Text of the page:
To follow up on the earlier post from today, here are excerpts from devotional sketches for the two saints who are duking it out on Tuesday, Emma of Hawaii and Dietrich Bonhoeffer. These are excerpts from Calendar of Saints: Lent Madness 2012 Edition, published by Forward Movement.
As the Nazi ring closed in upon him and the Confessing Church he had an opportunity for asylum in the United States, which he declined. He was arrested and jailed in 1943, and from his cell in Berlin he helped plan an assassination of Adolf Hitler. The assassination failed and Bonhoeffer’s involvement was discovered, and he was sent to Buchenwald concentration camp. But his life was spared, for reasons we do not know, and he was transferred to Schoenberg Prison. There he served as chaplain to fellow inmates until on a Sunday in 1945, immediately following divine services, he was summoned by the guards and taken by automobile to Flossenburg Prison, where he was summarily hanged. That was on April 9. Bonhoeffer was thirty-nine years old. The crumbling German Reich formally surrendered twenty-eight days later.
May we, like Dietrich Bonhoeffer, count the cost of discipleship to be worthy of our whole selves. Amen.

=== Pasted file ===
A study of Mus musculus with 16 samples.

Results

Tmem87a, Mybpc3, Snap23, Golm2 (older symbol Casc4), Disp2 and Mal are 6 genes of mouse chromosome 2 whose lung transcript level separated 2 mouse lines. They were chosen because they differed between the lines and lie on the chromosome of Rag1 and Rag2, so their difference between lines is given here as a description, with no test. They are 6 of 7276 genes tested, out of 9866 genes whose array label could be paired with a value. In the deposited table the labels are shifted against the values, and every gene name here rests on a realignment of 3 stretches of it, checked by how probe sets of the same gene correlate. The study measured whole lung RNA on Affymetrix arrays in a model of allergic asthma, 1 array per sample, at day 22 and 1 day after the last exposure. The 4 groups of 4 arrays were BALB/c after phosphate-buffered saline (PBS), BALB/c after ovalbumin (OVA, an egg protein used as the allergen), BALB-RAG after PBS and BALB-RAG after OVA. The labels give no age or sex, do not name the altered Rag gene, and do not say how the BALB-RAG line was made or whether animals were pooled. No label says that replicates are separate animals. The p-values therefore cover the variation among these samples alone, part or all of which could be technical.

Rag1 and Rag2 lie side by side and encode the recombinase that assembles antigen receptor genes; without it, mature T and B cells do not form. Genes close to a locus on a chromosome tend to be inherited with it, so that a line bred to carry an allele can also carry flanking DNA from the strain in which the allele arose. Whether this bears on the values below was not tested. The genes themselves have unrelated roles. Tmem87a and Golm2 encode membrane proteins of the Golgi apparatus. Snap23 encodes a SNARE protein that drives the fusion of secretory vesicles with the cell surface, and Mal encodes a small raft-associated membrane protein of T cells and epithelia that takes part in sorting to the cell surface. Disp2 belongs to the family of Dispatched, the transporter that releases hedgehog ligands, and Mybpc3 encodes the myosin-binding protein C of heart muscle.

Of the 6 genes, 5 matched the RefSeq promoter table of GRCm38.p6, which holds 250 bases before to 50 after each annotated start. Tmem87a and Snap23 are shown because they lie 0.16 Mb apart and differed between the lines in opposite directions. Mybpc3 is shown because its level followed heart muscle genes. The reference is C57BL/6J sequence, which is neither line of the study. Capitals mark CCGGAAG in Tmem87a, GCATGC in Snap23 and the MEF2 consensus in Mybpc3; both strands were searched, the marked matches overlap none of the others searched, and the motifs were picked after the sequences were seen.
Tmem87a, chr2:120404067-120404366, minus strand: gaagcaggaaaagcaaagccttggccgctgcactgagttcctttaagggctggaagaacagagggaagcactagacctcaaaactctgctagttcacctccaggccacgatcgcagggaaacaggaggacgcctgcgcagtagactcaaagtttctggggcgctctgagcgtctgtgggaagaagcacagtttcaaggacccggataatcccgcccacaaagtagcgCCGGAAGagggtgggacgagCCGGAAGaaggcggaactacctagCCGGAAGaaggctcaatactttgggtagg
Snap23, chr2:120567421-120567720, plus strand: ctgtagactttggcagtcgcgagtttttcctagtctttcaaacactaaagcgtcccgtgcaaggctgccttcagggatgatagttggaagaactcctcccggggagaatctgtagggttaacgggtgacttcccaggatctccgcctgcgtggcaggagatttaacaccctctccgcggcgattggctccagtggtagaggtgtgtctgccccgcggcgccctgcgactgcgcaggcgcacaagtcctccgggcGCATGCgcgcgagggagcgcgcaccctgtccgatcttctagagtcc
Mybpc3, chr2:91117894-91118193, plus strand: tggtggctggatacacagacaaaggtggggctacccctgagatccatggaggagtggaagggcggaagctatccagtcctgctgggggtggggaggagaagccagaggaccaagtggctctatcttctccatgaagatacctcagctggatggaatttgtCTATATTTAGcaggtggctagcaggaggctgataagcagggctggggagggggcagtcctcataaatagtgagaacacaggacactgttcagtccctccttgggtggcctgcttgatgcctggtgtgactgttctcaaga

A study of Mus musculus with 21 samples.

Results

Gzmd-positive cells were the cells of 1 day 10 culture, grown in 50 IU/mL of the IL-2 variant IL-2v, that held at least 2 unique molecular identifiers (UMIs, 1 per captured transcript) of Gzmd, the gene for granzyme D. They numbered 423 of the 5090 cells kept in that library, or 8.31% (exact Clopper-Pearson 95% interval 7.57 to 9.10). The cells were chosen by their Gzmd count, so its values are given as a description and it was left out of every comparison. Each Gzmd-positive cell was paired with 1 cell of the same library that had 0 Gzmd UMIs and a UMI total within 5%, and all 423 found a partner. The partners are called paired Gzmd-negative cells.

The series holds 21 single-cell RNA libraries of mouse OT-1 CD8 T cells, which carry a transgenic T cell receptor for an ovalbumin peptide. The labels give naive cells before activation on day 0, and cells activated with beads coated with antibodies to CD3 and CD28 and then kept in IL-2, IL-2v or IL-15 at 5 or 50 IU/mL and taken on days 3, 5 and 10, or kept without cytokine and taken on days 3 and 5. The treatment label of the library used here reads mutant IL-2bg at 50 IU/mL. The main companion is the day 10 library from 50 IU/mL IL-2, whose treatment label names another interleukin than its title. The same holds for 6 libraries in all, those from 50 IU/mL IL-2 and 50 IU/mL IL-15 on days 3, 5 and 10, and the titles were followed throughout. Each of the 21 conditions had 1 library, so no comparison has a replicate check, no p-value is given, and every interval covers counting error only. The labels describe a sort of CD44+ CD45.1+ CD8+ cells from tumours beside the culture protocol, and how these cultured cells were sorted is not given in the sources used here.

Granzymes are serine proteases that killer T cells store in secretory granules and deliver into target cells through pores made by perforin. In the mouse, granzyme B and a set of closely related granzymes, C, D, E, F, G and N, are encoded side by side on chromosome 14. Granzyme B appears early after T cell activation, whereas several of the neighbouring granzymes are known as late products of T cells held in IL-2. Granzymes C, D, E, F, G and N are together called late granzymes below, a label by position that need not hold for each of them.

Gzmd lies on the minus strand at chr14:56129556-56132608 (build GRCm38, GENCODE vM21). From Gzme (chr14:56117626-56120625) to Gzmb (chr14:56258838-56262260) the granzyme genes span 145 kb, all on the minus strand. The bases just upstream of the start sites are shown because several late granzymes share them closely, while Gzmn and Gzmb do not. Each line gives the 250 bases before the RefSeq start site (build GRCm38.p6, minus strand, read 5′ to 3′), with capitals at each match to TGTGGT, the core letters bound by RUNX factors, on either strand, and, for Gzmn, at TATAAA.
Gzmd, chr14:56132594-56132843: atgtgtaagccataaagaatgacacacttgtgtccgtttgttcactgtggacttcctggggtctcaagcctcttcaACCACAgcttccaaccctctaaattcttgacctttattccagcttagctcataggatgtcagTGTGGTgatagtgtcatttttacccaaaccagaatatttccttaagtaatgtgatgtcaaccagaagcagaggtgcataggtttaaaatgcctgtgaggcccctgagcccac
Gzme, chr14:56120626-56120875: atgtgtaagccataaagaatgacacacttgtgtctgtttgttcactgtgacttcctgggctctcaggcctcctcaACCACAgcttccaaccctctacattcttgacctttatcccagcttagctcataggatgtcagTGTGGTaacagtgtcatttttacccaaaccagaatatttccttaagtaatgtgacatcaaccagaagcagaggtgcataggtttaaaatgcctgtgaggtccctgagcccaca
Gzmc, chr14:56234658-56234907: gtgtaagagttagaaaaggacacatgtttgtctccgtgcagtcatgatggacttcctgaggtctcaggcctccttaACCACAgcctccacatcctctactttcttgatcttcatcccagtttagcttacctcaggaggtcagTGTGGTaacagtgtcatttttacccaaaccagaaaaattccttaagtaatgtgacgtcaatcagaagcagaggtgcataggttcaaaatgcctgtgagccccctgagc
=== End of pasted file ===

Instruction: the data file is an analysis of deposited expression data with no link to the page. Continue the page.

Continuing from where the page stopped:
Emma of Hawaii
The Hawaiian Islands were first evangelized by sternly Calvinistic Congregationalists and by Roman Catholics. Neither group had much respect for the other or for the native Hawaiian culture and traditions. King Kamehameha IV, who was crowned in 1854, and his wife, Queen Emma, actively sought a branch of Christianity that was all-embracing, reconciliatory, and accepting of Hawaiian culture, yet orthodox and traditional. They found such in Anglicanism. Queen Victoria served as godmother to their son. Under royal patronage Thomas N. Staley became Hawaii’s first bishop, ground was broken for St. Andrew’s Cathedral in Honolulu, The Book of Common Prayer was translated into Hawaiian, the Queen’s Hospital was founded, and several schools were established in the islands with Anglican clergy as tutors. Kamehameha was only twenty-nine when he died. Queen Emma lived on for many years and became a symbol of dignity and Christian piety to the people of Hawaii. The Archbishop of Canterbury described her as one of the most saintly souls he had ever met.
We thank you for the witness of Kamehameha and Emma and for their work to build up your church. Amen.